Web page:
Crypto Scams: Americans Have Lost $1 Billion Since 2021 — What To Look for and What’s Being Done

Hacker man using laptop and computer with green binary graphic and cryptocurrency candlestick graph price on monitor screen.


The median individual reported loss was $2,600 per person. The top cryptocurrencies people said they used to pay scammers were Bitcoin (70%), Tether (10%), and Ether (9%).  

The problem has only worsened this year. In 2021, a total of $680 million in crypto fraud was reported to the FTC. During the 2022 first quarter alone, nearly half that much was reported — $329 million.

The FTC pointed to several features that make crypto attractive to scammers. The biggest is that no bank or other central authority has been established to flag suspicious cryptocurrency transactions and stop fraud before it happens. Another problem is that once a crypto transaction has taken place, it can’t be reversed.


There has been some movement on the part of federal bank regulatory agencies — including the Board of Governors of the Federal Reserve System, Federal Deposit Insurance Corporation (FDIC) and Office of the Comptroller of the Currency — to create a roadmap that would institute greater regulation of cryptocurrencies. But for now, it’s still the Wild West of finance.

In the meantime, what can you do to help prevent crypto scams? The FTC offers these tips:

  • Be wary of crypto investment offers that guarantee profits and big returns. As the FTC notes, no cryptocurrency investment (or any investment) is ever guaranteed to make money, let alone big money.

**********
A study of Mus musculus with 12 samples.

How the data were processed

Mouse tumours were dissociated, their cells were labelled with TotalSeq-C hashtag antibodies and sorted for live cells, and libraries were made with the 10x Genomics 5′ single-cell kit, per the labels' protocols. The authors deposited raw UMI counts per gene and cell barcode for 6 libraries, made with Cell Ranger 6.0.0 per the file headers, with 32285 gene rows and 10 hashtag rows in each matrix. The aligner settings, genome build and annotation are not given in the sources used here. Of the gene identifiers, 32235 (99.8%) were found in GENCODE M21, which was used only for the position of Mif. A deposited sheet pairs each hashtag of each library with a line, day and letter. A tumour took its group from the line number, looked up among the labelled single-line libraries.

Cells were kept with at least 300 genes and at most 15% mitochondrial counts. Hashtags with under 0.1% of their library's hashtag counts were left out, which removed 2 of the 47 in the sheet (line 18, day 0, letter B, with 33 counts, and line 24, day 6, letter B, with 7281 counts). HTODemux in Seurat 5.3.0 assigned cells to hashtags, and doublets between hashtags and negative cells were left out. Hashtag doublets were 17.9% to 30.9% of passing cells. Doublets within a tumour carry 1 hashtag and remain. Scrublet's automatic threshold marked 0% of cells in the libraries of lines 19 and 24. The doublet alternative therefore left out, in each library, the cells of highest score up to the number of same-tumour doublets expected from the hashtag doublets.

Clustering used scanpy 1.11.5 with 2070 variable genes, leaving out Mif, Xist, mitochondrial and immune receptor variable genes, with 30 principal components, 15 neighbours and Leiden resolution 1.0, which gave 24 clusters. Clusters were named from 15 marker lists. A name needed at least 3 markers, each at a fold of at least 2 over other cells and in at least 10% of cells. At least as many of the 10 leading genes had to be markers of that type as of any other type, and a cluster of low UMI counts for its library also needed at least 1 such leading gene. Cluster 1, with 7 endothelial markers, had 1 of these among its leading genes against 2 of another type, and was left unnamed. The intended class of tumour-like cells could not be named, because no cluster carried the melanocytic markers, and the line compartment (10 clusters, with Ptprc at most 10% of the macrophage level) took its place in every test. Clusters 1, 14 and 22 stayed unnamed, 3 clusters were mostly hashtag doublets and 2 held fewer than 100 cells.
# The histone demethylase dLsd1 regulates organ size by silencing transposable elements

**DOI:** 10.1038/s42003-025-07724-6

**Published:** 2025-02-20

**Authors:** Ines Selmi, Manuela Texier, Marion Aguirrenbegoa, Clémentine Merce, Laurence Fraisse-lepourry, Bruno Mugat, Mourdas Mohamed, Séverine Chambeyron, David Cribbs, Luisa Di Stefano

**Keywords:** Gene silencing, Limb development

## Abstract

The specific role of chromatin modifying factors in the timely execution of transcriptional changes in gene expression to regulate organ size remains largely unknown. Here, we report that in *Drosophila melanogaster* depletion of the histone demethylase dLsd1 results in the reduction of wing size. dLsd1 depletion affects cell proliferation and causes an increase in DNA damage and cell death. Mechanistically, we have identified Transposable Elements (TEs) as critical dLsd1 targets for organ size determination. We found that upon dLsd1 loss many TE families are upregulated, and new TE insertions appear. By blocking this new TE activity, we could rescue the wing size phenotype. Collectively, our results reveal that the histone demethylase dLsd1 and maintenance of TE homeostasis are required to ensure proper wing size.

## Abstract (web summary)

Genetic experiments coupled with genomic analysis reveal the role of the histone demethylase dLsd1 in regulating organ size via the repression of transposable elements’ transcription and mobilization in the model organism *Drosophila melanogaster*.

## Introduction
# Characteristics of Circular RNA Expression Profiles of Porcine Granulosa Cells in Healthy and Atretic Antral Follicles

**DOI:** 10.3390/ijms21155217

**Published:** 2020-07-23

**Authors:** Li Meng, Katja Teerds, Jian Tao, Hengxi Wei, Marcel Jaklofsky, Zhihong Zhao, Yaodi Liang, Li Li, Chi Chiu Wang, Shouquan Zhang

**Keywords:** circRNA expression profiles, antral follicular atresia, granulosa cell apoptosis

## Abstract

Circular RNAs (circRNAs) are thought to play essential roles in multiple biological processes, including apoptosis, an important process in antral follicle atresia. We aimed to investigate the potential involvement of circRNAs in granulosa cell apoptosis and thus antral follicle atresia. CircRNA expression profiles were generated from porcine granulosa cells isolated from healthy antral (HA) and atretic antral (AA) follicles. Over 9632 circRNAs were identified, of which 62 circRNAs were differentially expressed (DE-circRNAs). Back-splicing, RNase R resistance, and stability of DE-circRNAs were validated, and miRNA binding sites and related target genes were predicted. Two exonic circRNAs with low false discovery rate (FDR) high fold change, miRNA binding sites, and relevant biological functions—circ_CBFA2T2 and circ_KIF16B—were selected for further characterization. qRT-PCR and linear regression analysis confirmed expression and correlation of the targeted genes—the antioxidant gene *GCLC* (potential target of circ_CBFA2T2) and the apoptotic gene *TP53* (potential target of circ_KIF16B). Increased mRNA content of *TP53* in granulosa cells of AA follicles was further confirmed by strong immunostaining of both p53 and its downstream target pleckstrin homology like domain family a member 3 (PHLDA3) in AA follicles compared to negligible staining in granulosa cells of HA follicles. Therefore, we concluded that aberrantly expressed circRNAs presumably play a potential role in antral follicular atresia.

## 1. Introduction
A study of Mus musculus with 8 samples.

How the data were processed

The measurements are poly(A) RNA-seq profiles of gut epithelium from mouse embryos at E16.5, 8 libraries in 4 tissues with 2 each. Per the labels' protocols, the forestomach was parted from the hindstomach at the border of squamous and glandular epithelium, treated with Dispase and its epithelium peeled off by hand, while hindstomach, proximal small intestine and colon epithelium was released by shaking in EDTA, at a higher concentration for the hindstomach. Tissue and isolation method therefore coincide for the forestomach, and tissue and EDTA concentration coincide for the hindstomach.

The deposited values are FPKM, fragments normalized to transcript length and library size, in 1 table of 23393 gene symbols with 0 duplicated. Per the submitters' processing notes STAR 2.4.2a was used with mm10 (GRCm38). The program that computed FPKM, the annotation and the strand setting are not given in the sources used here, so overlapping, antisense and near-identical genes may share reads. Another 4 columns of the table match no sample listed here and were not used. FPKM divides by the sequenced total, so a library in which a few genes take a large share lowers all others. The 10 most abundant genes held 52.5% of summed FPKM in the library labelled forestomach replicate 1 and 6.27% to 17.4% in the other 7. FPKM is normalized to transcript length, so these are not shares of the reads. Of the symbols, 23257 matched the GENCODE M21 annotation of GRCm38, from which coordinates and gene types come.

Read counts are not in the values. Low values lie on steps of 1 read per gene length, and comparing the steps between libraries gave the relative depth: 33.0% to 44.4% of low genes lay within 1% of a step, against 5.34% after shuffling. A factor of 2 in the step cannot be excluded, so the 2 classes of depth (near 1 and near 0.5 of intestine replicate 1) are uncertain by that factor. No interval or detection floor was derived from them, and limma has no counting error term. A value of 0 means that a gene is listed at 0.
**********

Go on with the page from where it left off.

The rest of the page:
• Avoid transactions that require you to buy cryptocurrency. This is almost always a scam.
  • Do not mix dating and investment advice. If you meet someone and they offer to show you how to invest in crypto, or ask you to send them crypto, you can be pretty sure it’s a scam.


Vance Cariaga is a London-based writer, editor and journalist who previously held staff positions at Investor’s Business Daily, The Charlotte Business Journal and The Charlotte Observer. His work also appeared in Charlotte Magazine, Street & Smith’s Sports Business Journal and Business North Carolina magazine. He holds a B.A. in English from Appalachian State University and studied journalism at the University of South Carolina. His reporting earned awards from the North Carolina Press Association, the Green Eyeshade Awards and AlterNet. In addition to journalism, he has worked in banking, accounting and restaurant management. A native of North Carolina who also writes fiction, Vance’s short story, “Saint Christopher,” placed second in the 2019 Writer’s Digest Short Short Story Competition. Two of his short stories appear in With One Eye on the Cows, an anthology published by Ad Hoc Fiction in 2019. His debut novel, Voodoo Hideaway, was published in 2021 by Atmosphere Press.